I’ve invited John G. Olson to share his B2B insights in a guest contribution for j+ Media Solutions. Olson provides some excellent tips for marketers who find themselves responsible for “feeding leads” to their sales colleagues in his article.
Nothing happens until a sale is made. This truism was drilled into my head by my first mentor. And he was a marketer. I mention that because after all these years I still see a persistent divide between sales and marketing inside many companies.
The great sales/marketing divide is frequently along the same line. Sales reps say the leads they get are no good. Marketing says the leads don’t get proper follow up. This can spill over into other business development activities as well.
Over the years, I have developed many new product launch campaigns. And I have received plenty of negative feedback on them from my sales colleagues, such as:
• We don’t have enough new product to sell
• We have too many new products to manage
• The price is too high
• The discount is too deep
• We don’t have enough product information
• There is too much product information
This kind of back-and-forth dialog makes a marketer wonder if you can ever satisfy the sales team. A marketing colleague who began his career in sales, once told me, “Sales reps are like baby chicks just waiting for mommy to drop the worm in their mouths.” I can’t write the order or deposit the commission check into their bank account, but I can invest in the success of the sales team. Each time I do, I learn what works. And what does not.
Creating the ultimate product launch
One time I decided to bring a group of sales reps into the campaign planning for the launch of a promising new book we were publishing. “Let’s create the ultimate launch kit for this campaign,” I said at the meeting. “Tell me what information you would need to crush the revenue goal.”
The brainstorming session yielded a flurry of ideas designed for sales success. The reps agreed if they had the following information they would crush it:
• The table of contents
• The preface
• A features and benefits outline
• Common objections and answers
• A sales script with probing questions
• Market analysis
• Description of the lead list, which they helped refine
The final launch kit was a 30-page masterpiece. Everything the sales reps ever dreamed of in a launch kit, wrapped in a bow. After the first week, not much happened. Sales activity and revenue was well behind plan. When I talked to reps, I got an unexpected explanation: “There’s just too much information in the launch kit for me to process.” I’ll admit that feedback was hard for me to process.
I share that story not to illustrate the futility of trying to satisfy the sales team, but to reiterate that nothing happens until a sale is made. A marketing professional must set aside the criticism and work to enable the success of the sales organization.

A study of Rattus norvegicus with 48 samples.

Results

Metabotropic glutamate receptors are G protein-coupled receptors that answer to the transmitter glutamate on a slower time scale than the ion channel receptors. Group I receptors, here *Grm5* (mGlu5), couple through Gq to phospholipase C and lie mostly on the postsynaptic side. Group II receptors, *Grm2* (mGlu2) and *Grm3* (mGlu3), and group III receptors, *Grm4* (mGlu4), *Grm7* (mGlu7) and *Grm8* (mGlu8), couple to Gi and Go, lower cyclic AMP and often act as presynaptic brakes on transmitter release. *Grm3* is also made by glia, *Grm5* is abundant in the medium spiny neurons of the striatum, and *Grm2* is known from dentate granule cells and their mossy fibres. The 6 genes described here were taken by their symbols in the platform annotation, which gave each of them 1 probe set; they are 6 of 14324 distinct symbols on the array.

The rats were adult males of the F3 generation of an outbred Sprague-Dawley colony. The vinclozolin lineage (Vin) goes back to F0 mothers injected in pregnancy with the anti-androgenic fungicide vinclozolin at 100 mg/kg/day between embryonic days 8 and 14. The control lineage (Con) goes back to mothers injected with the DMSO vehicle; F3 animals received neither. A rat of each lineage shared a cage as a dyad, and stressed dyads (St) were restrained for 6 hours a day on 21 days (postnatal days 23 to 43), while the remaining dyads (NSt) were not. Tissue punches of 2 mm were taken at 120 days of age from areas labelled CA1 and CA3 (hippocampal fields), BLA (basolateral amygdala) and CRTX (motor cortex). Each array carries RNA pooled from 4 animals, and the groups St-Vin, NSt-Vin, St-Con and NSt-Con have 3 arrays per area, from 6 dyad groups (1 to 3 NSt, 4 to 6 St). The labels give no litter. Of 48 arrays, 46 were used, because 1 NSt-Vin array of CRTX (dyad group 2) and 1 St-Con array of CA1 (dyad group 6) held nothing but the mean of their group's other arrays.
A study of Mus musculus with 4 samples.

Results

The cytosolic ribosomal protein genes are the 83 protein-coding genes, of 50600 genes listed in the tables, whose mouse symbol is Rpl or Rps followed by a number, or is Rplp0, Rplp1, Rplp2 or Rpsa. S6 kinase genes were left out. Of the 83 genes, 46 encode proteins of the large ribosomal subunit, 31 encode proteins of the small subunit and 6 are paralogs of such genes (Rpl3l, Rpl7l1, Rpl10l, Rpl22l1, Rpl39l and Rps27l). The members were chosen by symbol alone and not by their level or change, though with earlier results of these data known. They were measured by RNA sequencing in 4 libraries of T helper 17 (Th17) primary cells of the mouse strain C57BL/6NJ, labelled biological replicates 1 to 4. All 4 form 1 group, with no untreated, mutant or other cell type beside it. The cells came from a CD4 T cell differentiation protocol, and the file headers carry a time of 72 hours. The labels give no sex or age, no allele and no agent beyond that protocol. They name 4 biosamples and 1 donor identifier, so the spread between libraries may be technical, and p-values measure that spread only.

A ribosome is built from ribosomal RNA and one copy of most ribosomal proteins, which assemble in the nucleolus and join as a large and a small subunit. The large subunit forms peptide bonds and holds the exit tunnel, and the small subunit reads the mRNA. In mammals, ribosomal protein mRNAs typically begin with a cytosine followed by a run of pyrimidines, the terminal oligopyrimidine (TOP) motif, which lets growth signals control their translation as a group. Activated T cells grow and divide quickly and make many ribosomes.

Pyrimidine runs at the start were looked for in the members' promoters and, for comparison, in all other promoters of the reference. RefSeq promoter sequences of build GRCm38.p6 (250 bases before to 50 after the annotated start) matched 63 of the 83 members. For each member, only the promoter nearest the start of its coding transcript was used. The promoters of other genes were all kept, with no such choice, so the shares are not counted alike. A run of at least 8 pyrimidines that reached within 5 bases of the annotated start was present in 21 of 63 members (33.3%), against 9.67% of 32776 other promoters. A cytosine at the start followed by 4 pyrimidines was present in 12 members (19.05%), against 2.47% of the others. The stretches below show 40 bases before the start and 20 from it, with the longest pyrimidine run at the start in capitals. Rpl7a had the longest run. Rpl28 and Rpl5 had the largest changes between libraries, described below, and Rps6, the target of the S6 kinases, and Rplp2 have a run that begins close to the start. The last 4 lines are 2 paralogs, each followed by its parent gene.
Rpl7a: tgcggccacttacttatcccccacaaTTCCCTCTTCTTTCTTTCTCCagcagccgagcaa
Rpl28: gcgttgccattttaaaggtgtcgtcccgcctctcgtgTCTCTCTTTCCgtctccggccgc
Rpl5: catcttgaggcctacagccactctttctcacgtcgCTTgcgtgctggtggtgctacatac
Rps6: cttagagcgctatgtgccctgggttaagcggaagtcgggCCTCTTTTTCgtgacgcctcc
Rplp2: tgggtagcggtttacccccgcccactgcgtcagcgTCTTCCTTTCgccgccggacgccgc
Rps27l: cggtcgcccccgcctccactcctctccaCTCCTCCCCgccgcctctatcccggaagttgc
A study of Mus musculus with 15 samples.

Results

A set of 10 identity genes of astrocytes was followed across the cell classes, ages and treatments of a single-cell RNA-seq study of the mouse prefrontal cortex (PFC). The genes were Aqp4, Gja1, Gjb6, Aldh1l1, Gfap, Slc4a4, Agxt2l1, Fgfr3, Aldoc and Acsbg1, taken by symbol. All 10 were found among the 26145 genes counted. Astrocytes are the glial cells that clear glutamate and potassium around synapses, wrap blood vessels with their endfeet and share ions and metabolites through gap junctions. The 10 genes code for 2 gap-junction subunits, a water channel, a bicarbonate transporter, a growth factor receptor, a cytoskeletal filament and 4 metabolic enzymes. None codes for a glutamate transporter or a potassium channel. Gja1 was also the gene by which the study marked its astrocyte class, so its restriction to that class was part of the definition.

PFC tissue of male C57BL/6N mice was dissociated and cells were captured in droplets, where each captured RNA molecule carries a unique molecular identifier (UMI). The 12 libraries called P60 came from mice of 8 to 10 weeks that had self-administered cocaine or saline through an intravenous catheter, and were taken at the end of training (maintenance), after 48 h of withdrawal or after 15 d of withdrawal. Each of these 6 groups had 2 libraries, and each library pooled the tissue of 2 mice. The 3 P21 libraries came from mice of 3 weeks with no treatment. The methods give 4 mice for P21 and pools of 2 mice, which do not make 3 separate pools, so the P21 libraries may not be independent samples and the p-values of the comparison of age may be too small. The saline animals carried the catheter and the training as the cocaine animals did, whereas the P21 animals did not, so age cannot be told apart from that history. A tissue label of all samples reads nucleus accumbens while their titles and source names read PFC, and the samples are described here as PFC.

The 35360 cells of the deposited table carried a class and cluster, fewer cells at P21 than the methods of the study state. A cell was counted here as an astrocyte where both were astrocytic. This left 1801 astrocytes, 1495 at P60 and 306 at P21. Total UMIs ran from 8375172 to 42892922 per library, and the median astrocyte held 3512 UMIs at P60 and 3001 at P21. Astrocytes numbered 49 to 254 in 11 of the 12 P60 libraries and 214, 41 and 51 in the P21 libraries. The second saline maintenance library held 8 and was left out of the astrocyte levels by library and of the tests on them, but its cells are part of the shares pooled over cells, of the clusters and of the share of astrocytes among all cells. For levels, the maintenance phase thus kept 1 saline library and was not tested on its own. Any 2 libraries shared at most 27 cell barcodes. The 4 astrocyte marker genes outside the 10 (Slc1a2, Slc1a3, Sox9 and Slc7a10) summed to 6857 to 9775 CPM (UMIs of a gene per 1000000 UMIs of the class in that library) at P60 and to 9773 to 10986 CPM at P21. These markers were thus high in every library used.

Where to start? Solving the lead quality issue is a great place. Here are five ideas to win your sales reps’ trust and confidence in your lead generation.
5 ways to feed solid leads to sales
(1) Define qualified leads together
If you want sales reps to have confidence in the leads you give them, include them in up-front planning. Get their agreement on what constitutes a qualified lead. Don’t tell them, ask them.
(2) Confer with sales management
This is where I missed it in my story above. Had I checked with the sales director before launching, he would have told me the information reps were asking for was more than they needed. A good sales manager is a reality-check filter for frontline marketers and frontline sales reps.
(3) Sell the sales call
Remember to sell the value of the sales call in your marketing message. Direct marketers in particular are trained to go for the order. Instead, open the door for a sales conversation by emphasizing hot button benefits to the target audience.
(4) Make a simple offer
Avoid pricing or promotional offers that are overly complicated. If it’s not clear to the customer, it is likely to be confusing to your sales rep.
(5) Know the compensation plan
Compensation drives behavior. If your underlying strategy or sales premise is not aligned with the compensation plan, reps will not be on board. They gravitate to activities that will maximize commissions. Wouldn’t you?
This might be hard for some to swallow, but marketers should consider sales reps their first customers. Everyone’s success depends on it. Feed them with good leads, because nothing happens until a sale is made.
About John Olson:
John G. Olson is a B2B marketer and copywriter. He writes about marketing strategy and leadership on his blog, Marketers being Awesome. Connect with him on Twitter at @john_g_olson.
About Jennifer G. Hanford
Jennifer G. Hanford is the owner and managing director of j+ Media Solutions, which offers social and data solutions for businesses of all sizes. Jennifer is also a founding member of and posts regularly for Social Solutions Collective.